If, as the saying goes, “a picture is worth a thousand words,” what’s the marketing “worth” of four pictures?
Twitter has introduced another new tool that can multiply the impact of your communications. The social media giant unveiled its photo collage feature that delivers even more message-mileage. Now you can share up to four photos within a single tweet.
Although the long-standing 140-character constraint is still the text limit, tweets with one (now up to four) photos jump from the Twitter stream like an Atlantic Salmon leaping upstream.
The science folks tells us that pictures are about a zillion times more attention-getting than plain text. Don’t quote us on the math, but Twitter knows that visual images draw more attention, connect to the brain faster, and are more memorable than words alone.
With the four-photo collage capability, Twitter takes a page from other social media platforms. Photos on Facebook generate over 50 percent more Likes than the average post, according to a HubSpot study, for example.
In healthcare, communications and connectivity add up to engaging an audience, and pictures are a well-known catalyst. The Twitter launch is initially for iPhone, but soon to expand from there. Here’s how Twitter described the multi-image idea on their blog:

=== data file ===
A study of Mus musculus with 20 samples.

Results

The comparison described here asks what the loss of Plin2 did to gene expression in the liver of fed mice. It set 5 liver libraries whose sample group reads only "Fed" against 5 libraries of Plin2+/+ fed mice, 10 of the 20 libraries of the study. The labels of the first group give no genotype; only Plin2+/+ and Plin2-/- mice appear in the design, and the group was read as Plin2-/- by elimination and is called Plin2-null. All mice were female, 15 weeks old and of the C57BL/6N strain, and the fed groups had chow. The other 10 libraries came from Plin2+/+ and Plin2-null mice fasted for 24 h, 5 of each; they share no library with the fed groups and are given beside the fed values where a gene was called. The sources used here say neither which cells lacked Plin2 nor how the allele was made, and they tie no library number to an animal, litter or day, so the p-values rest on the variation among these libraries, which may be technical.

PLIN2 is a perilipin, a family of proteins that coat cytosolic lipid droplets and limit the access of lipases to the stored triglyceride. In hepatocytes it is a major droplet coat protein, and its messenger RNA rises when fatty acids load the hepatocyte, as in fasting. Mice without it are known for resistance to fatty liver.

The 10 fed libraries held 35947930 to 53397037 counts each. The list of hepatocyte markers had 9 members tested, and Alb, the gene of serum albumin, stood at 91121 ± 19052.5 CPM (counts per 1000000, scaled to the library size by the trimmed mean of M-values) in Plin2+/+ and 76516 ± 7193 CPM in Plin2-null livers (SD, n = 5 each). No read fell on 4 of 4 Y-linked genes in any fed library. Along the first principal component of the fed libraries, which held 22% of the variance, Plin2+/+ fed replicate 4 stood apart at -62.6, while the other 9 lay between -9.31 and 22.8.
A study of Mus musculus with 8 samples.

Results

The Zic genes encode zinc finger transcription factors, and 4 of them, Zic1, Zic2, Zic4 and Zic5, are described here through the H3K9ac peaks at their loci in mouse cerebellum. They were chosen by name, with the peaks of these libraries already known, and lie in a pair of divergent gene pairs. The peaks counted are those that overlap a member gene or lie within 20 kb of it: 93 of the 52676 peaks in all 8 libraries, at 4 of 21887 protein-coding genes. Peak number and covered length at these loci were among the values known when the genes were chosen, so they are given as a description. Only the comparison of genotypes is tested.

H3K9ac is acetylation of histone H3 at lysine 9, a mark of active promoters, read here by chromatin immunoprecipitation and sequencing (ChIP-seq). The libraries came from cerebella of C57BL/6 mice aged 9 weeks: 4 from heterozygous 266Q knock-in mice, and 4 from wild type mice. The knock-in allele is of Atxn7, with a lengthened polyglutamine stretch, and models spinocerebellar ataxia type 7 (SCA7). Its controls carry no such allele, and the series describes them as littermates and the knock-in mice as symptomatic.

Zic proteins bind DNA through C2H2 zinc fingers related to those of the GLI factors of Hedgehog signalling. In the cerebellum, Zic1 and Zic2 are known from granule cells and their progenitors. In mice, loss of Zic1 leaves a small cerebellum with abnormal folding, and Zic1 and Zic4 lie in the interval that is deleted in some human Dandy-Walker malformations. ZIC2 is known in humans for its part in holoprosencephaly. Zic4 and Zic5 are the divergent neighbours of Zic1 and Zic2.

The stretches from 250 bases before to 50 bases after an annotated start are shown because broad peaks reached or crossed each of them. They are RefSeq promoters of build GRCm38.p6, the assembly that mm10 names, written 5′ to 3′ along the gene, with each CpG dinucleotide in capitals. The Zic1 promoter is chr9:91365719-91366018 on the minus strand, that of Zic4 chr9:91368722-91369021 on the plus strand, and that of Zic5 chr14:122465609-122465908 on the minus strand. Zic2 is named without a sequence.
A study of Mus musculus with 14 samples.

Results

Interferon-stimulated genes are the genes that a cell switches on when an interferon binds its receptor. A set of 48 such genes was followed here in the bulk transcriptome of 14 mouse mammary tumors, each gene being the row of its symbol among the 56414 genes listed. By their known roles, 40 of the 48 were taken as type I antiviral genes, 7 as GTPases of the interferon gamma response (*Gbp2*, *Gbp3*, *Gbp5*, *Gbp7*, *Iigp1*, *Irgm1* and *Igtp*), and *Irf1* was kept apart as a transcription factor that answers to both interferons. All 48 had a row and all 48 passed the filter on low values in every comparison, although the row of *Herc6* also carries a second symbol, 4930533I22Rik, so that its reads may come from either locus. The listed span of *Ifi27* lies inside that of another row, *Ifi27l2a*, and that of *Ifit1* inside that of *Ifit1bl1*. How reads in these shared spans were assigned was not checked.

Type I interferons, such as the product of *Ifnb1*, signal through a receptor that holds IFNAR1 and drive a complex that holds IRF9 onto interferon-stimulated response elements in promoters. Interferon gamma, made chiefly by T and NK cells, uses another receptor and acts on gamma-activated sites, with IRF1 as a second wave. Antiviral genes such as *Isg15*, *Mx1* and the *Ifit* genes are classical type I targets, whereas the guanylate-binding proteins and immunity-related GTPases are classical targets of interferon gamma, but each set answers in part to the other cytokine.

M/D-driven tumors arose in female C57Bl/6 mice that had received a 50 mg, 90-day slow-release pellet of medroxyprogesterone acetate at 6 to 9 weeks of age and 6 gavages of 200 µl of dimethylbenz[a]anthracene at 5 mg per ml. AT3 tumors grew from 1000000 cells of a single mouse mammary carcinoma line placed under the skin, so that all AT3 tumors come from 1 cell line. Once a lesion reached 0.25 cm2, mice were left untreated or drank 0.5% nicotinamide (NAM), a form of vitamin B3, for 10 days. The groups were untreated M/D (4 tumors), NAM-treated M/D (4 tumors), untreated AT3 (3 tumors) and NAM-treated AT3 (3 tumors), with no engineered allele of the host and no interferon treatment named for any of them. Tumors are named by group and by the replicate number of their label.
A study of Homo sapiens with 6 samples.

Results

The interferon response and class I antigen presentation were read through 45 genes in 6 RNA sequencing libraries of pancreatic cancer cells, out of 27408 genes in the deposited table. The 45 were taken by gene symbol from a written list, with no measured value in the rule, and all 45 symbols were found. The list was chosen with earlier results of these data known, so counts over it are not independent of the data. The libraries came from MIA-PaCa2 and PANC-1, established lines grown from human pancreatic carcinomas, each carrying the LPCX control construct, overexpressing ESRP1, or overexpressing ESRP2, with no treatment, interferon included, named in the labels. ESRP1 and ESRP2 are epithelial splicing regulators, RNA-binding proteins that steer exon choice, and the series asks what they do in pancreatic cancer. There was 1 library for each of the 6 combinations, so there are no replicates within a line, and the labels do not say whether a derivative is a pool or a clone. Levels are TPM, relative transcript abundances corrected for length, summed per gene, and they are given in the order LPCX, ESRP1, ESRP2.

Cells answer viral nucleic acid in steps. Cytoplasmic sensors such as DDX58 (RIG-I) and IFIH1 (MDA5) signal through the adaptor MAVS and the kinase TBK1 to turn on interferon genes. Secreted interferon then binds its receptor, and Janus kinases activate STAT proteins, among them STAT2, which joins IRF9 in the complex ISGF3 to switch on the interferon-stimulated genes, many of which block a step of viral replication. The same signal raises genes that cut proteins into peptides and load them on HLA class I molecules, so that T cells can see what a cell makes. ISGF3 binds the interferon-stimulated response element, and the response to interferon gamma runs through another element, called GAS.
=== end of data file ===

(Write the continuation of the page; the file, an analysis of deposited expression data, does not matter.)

“Share up to four photos in a single Tweet: And now you can share a series of photos that automatically create a collage. Just tap on a preview to get the full image and slide through the group. The ability to upload multiple photos is starting to roll out today on iPhone, and is coming soon to Android and twitter.com. Whether you’re on iPhone, Android or twitter.com, you can view Tweets with multiple photos.”
Twitter’s text limitation hasn’t been a handicap. If anything, it has inspired considerable creativity in marketing meaningful (albeit brief) messages. Not long ago, Twitter users broke the 140-character barrier with images, graphs, charts, and the like becoming increasingly common with of the Tweet.
And we expect that Internet advertising in the health care arena will find new and creative ways to “collage” on the social front. The business publication AdvertisingAge put an industry spotlight on early-adopter brand names, including this example by General Electric (with 9 more words).
GE Collage Tweet
OK. We can’t guarantee a multiple in the zillions, but it’s clear that the Twitter photo collage is a continuing effort to move away from the Spartan, text-only look, and deliver a much stronger visual splash. (Watch this trend. Twitter owns video-sharing Vine, and Facebook owns picture-sharing Instagram.)